Johnson is facing mounting calls to make a statement on Friday’s fatal drone strike.

Image: Yui Mok

BRITISH FOREIGN SECRETARY Dominic Raab has insisted that Boris Johnson is “in charge” and in “constant contact” despite being on holiday as tensions soar in the Middle East.

But Labour’s shadow foreign secretary Emily Thornberry has accused the Prime Minister of “sunning himself drinking vodka martinis somewhere else and not paying attention” while in the Caribbean.

Johnson, due to return to Downing Street today, is facing mounting calls to make a statement on the fatal drone strike on Iran’s military leader General Qassem Soleimani.

He has remained silent since the attack on Friday, which happened while he celebrated the New Year on the private island of Mustique with his partner Carrie Symonds.

However, Raab insisted that Johnson has been in “constant contact” with him and that the pair spoke on Friday over the escalating crisis triggered by US President Donald Trump’s air strike in Iraq.

He told Sky News: “The Prime Minister is in charge. In fact I’ve been in constant contact with him over the Christmas break on a whole range of foreign policy issues.”

Raab said he had spoken to the Iraqi prime minister and president and will be speaking to Iran’s foreign minister before meeting US Secretary of State Mike Pompeo in Washington on Thursday.

He also insisted that the UK government has “a clear strategy” regarding the crisis, adding: “And so the diplomatic effort goes on and indeed the Prime Minister has been engaged in that as well.”

‘Too little, too late’

Raab also issued the strongest UK defence of the US attack to date, accusing hardliners in Tehran of “nefarious behaviour”, describing General Soleimani as a “regional menace” and saying the United States has the “right of self-defence”.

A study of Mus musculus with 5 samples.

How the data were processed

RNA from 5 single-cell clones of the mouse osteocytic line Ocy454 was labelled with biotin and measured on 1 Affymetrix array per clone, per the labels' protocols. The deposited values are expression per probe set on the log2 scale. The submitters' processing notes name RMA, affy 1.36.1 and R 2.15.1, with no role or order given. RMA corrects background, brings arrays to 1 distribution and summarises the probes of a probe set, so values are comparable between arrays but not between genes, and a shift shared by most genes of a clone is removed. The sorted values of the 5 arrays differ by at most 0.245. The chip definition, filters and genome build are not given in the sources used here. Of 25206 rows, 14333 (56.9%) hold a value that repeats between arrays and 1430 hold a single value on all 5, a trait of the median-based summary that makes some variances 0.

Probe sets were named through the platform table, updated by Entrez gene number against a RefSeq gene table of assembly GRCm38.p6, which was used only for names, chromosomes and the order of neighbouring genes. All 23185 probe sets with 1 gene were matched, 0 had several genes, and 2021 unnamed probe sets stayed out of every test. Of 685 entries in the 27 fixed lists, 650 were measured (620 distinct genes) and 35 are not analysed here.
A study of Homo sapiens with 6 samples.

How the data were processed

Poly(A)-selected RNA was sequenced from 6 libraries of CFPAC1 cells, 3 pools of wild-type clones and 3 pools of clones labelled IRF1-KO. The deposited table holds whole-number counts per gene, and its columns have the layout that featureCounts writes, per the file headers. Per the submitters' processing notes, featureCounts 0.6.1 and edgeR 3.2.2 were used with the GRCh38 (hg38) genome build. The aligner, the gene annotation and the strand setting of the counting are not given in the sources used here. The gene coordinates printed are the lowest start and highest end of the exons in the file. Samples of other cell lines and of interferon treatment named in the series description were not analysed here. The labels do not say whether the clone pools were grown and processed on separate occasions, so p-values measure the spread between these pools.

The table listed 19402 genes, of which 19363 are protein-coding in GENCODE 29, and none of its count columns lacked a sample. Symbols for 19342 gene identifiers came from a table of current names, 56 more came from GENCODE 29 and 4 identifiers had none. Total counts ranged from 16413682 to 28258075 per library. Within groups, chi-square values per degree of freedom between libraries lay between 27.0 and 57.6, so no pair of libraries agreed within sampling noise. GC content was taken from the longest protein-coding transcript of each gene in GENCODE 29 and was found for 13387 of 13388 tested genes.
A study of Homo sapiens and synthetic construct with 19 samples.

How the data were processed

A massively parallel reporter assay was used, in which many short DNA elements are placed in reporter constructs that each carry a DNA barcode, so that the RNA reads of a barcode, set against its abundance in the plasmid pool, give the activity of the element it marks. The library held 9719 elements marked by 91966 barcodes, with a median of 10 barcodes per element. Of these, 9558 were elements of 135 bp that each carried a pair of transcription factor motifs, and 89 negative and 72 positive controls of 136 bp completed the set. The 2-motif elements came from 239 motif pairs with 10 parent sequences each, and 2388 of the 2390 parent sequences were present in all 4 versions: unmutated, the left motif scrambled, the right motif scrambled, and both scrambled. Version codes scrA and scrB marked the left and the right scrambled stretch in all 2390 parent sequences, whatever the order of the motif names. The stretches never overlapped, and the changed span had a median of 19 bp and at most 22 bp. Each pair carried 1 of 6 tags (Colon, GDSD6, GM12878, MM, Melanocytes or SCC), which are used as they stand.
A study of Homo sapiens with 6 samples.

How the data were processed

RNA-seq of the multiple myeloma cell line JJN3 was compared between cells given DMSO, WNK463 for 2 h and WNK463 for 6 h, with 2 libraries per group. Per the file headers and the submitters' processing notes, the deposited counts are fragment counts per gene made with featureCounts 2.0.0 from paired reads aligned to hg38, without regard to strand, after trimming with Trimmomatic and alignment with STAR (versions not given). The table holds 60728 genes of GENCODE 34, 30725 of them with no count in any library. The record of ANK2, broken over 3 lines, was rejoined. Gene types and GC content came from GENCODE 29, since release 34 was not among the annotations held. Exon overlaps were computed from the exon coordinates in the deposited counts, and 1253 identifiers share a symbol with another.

The Foreign Office issued strengthened travel advice to Britons across the Middle East including Saudi Arabia and Turkey, while the Navy will begin accompanying UK-flagged ships through the Strait of Hormuz, a key oil route leading to the Persian Gulf.

But Thornberry hit back and accused the Government of doing “too little, too late”.

“We should take responsibility, we are international players – of course we have other preoccupations and clearly the Prime Minister has a lot of preoccupations, he’s sunning himself drinking vodka martinis somewhere else and not paying attention to this,” she told Ridge.

“We’ve had three Cobra meetings where Mark Sedwill, the chief civil servant, has had to chair it because the Prime Minister hasn’t been available.”

She accused Johnson of dismissing her concerns the president was dismantling the Iran nuclear deal when he was foreign secretary.

“I remember saying to Boris Johnson ‘I’m really worried that the president is going to rip up the Iranian nuclear deal’ and he said to me ‘you should spend a bit less time reading the newspapers’,” Thornberry said.


Acting Lib Dem co-leader Sir Ed Davey said that Johnson’s “silence on Trump’s dangerous assassination in Iraq is deafening”.